Och-Ziff, a publicly-traded hedge fund that has been under Foreign Corrupt Practices Act scrutiny since 2011 for its business dealings in Africa, recently disclosed that it is in discussions with the DOJ and SEC regarding resolution of the matter. As noted in this recent post, Och-Ziff has reserved over $400 million in anticipation of the resolution. (For the latest on this expected resolution see here).
In the meantime, a criminal complaint was recently unsealed charging Samuel Mebiame, a Gabonese national connected to Och-Ziff, with conspiracy to violate the FCPA’s anti-bribery provisions.
In the criminal complaint, Mebiame is described as follows.
“A Gabonese national who worked as a consultant for a joint venture (the “Joint Venture”) between a U.S. -based hedge Fund (the “Hedge Fund”) and a Turks & Caicos Islands incorporated entity (the “Turks & Caicos Entity”) in or about and between 2007 and 2015. Mebiame’s job was to source and secure mining opportunities in Africa for the Joint Venture and one of its portfolio companies.”
Although not specifically named in the complaint, it has been widely reported that the Hedge Fund is Och-Ziff, the Turks & Caicos Entity is Palladino Holdings Ltd and the Joint Venture is Africa Management Ltd.
In summary fashion, the complaint alleges:
“Mebiame worked on behalf of the Joint Venture, the Turks & Caicos Entity, and the Mining Company as a ‘fixer’ to obtain rights to mineral concessions in Africa by routinely paying bribes to foreign government officials. Mebiame bribed government officials in at least each of Niger, Guinea and Chad.”
The criminal charges against Mebiame invoke the dd-3 prong of the FCPA’s anti-bribery provisions and states:
“Mebiame personally took numerous steps while in the United States in furtherance of the scheme, including, but not limited to, sending and receiving email and other communications with coconspirators about the corrupt scheme, receiving payments related to the corrupt scheme into U.S. bank accounts he established and meeting with coconspirators to discuss the corrupt scheme.”
According to the complaint, Mebiame “voluntarily met with federal law enforcement agents and made statements” twice in June 2015. For instance, according to Mebiame he was paid at least $3.5 million for his services which included the payment of bribes.
Regarding Niger, the complaint states that “Mebiame admitted that he acquired rights to uranium concessions by paying bribes” to Niger officials “who had the power to grant uranium mining licenses to the Mining Company and Joint Venture. According to the complaint, Mebiame told federal agents that these bribes included, among other things: cash payments directly to a Niger official; payments for ‘nice cars;’ a $100,000 payment to a charity run by a Niger official; payments made to and through the nephew of a Niger official; payments made to and through the son of a Niger official; and payments made through a lawyer.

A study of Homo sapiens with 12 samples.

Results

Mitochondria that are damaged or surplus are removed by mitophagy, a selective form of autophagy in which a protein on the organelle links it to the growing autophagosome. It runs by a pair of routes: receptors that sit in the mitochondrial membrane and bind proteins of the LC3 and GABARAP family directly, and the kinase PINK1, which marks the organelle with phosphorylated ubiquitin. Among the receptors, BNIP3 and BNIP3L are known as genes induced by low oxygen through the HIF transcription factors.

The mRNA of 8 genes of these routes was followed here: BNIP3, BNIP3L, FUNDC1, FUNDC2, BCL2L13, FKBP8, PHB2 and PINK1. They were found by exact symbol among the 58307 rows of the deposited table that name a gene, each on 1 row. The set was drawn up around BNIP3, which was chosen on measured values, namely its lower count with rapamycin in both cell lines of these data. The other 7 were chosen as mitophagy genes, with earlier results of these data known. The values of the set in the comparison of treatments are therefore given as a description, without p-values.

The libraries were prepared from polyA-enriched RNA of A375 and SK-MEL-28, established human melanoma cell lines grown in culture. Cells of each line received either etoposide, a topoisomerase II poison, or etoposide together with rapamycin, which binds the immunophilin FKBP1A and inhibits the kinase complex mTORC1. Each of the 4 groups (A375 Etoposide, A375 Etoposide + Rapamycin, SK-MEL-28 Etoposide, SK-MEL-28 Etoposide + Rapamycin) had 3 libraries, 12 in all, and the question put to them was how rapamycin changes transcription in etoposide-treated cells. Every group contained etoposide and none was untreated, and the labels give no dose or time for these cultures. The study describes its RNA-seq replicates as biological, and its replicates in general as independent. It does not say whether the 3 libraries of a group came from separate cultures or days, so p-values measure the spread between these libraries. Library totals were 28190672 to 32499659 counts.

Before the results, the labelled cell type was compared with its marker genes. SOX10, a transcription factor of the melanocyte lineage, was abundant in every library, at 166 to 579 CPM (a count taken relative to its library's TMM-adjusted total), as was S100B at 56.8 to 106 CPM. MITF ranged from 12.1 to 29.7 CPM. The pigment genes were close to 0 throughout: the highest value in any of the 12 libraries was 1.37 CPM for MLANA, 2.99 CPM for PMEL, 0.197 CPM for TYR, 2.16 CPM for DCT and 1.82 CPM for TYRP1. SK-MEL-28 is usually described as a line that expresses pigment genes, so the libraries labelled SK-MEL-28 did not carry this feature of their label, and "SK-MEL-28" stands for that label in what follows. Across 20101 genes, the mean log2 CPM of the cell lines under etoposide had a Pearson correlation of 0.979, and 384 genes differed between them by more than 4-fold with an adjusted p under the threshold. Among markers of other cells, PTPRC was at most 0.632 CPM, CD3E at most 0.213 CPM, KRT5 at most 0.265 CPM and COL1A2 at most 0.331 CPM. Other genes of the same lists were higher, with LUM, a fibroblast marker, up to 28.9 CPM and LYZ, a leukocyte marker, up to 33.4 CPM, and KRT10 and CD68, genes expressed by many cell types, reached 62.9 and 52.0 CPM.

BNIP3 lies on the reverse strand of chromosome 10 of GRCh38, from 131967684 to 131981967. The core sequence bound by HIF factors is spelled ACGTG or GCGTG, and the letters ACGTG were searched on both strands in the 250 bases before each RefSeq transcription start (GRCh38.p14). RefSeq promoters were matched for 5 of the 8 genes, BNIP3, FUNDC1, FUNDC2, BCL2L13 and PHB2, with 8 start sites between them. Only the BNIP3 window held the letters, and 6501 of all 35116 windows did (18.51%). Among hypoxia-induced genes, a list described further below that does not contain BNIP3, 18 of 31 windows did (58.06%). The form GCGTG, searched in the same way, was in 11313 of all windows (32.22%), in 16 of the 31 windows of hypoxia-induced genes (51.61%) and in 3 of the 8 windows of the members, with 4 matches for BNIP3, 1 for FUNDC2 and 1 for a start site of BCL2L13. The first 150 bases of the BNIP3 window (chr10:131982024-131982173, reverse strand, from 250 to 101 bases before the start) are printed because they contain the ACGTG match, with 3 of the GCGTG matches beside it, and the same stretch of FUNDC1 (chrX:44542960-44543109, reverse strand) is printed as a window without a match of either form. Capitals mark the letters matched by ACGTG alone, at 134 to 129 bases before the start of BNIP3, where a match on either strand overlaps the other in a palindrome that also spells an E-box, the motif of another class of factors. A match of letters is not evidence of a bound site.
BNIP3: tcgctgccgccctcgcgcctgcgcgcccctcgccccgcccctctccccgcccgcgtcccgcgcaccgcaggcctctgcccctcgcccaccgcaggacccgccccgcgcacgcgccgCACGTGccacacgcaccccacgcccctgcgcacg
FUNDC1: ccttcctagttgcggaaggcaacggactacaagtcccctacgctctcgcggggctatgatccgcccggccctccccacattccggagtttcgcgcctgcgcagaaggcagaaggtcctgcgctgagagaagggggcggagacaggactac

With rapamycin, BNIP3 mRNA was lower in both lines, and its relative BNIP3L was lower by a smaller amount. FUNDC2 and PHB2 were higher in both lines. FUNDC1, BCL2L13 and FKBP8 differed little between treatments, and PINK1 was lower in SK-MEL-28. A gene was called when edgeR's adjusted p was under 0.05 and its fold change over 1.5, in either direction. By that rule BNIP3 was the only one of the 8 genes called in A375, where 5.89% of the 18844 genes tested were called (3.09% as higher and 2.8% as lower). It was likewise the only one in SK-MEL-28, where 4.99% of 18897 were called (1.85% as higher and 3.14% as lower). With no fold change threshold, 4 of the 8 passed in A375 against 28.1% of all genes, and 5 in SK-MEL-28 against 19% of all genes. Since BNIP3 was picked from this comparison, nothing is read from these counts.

Regarding Guinea, the complaint states that “during his interview with federal agents, Mebiame stated that he had special access to mining opportunities in Guinea because of payments he provided to senior government officials in Guinea in exchange for such access.” According to the complaint, Mebiame provided an S-class Mercedes Benz to a candidate for high political office in Guinea who was later elected. The complaint also alleges that Mebiame arranged to pay $440,000 to rent a private Airbus jet for the same official. Further the complaint alleges that Mebiame told federal agents that his financial support to Guinean government officials included, but was not limited to, approximately $100,000 to $200,000 in cash payments which allowed Mebiame to obtain secret information which provided him leverage in negotiations with the government.
Regarding Chad, the complaint states that Mebiame also admitted to federal agents that he paid bribes to a high-level government official in Chad to obtain uranium concessions on behalf of the Mining Company and Joint Venture. According to the complaint, Mebiame stated that he gave the official cash and paid for travel expenses and shopping excursions for the official and the official’s spouse in Paris.